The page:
There are lots of big changes in store for Community fans in the fall. Series creator Dan Harmon was (very publicly) fired, and replaced by two new showrunners. The length of the upcoming fourth season has been reduced to thirteen episodes, instead of the usual twenty-two to twenty-five. And last but definitely not least, Community will be moving to Friday nights, with the dreaded Whitney as its new lead-in program.
NBC brass seems unmoved by the incredibly negative fan reaction to these changes, and Robert Greenblatt, chairman of NBC Entertainment, was dispatched to defend the network's decisions to a gathering of the Television Critics Association earlier today:
"We’re in a transition with our comedy programming and trying to broaden the audience and broaden what the network does. Those Thursday comedies, which the critics love and we love, tend to be a bit more narrow than we’d ultimately like as we go forward. Community has been a show that’s always on the bubble [to return] and we decided to bring it back again and see what a fourth season would do for us. The reason we did 13 episodes [of Community and other shows] is we wanted to get more comedies on the schedule … which isn’t to say we couldn’t decide at some point to extend those seasons longer.”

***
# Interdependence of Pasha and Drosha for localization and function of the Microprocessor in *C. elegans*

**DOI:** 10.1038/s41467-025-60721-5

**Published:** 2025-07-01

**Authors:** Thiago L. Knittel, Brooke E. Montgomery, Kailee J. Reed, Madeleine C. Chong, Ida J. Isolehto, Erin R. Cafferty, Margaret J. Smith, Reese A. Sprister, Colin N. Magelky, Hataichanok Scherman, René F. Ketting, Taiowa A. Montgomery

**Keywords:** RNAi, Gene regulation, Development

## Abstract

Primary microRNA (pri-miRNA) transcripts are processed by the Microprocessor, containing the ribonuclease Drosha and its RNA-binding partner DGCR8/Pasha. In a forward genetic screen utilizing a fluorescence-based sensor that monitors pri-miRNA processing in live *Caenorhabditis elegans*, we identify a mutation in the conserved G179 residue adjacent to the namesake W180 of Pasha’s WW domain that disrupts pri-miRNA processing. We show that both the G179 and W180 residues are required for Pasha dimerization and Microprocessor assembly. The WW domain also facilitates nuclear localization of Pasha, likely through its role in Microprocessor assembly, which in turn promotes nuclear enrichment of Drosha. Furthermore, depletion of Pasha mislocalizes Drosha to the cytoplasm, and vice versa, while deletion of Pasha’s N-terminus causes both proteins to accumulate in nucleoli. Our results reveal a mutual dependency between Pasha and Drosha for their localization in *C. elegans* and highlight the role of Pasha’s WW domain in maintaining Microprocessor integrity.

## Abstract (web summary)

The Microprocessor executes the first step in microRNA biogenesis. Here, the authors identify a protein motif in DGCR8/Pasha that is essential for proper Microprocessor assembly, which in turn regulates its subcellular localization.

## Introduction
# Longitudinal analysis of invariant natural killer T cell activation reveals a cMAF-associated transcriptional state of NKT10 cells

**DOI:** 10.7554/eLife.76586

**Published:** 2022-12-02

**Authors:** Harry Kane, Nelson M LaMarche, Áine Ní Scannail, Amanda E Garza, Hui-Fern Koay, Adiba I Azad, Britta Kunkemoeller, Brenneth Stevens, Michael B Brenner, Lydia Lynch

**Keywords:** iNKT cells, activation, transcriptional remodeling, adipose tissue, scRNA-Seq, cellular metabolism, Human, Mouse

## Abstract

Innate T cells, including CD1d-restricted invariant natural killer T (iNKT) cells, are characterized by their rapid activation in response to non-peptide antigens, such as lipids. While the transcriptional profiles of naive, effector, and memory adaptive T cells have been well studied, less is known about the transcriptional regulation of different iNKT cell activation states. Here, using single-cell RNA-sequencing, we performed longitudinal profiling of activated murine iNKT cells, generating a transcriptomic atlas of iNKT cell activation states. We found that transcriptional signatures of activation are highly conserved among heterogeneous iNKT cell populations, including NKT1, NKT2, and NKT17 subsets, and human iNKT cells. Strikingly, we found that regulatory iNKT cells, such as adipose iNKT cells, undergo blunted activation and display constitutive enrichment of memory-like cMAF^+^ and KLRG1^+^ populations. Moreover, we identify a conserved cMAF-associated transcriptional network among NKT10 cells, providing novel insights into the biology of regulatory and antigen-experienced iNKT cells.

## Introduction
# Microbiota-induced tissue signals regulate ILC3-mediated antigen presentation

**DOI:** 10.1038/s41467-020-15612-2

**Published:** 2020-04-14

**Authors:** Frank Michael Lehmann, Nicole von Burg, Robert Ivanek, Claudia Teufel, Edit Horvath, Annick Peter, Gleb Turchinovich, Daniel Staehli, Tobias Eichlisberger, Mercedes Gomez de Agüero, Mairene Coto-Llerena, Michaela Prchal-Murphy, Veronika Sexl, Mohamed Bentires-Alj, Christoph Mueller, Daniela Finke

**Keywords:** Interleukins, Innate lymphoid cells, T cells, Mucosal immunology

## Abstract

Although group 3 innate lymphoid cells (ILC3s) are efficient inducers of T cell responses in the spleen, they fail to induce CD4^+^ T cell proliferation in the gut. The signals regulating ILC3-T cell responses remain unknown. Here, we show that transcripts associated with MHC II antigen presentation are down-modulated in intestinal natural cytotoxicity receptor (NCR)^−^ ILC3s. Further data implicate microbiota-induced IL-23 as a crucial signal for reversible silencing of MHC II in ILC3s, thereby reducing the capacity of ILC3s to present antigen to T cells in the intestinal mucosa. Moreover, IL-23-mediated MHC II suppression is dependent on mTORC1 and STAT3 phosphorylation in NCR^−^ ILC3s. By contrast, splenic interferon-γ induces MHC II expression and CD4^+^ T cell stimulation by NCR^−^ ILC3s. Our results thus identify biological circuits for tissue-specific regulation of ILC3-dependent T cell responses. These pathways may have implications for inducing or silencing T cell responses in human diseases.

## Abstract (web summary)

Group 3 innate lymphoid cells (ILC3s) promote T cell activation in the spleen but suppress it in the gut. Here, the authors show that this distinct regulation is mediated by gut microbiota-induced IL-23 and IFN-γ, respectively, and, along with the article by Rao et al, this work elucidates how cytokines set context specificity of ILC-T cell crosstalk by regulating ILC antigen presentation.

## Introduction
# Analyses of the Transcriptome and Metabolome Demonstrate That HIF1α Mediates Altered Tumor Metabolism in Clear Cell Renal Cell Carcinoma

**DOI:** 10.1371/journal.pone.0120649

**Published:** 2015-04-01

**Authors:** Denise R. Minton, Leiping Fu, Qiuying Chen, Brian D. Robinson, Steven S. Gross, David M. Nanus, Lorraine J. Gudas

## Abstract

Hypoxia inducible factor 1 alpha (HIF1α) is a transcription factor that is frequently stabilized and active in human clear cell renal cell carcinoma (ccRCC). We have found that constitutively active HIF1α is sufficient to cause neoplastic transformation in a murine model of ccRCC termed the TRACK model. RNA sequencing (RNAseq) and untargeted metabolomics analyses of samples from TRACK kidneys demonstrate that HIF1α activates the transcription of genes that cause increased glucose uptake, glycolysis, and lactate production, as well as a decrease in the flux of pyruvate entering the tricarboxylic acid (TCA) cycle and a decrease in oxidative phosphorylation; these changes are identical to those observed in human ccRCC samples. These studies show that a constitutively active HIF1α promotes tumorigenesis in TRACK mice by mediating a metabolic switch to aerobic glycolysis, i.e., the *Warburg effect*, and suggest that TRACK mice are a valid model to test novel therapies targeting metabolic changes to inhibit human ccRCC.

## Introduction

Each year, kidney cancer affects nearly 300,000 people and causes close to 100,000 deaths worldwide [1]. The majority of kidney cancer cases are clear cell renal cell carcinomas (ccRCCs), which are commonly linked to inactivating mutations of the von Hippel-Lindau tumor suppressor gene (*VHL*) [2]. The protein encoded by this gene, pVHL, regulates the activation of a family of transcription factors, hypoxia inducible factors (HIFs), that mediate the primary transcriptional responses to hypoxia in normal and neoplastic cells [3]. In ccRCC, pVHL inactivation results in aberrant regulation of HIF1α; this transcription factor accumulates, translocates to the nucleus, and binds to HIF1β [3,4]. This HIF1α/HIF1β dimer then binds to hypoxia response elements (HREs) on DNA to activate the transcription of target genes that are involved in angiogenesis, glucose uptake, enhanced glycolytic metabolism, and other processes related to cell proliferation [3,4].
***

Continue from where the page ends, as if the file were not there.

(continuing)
So, the door has been left open for Community to receive its "back nine" episodes. Normally, I wouldn't much stock in a statement like that, but with NBC's continuing failure to create new hit shows, the odds are actually fairly good we'll see a normal length season of Community. The question now is, will we still want to?
Greenblatt continued - "I think fans of Community are going to get the same show they have loved from the beginning. Every so often it’s time to make a change with a showrunner … you evaluate the creative … sometimes you want to freshen a show and we decided to do that with Community – no disrespect to anyone. I would love nothing more than Community to have a following on Friday and be able to continue [beyond season four]. Shows like Whitney and Up All Night were steps in the right direction and that’s why they’re back. It [can] take more than a couple seasons for a show to creatively find itself.”
While I wish Harmon had returned, I still can't really blame NBC too much for his exit. I mean, you can't just publicly insult your co-workers and boss and expect to remain employed. I can't say as I agree with the choice of David Guarascio and Moses Port as the new creative heads, but I'm willing to give them a chance. Although I can't help but laugh at the idea that the nearly universally reviled Whitney is somehow a step in the right direction for NBC comedy.
Will Community still be as funny when it returns?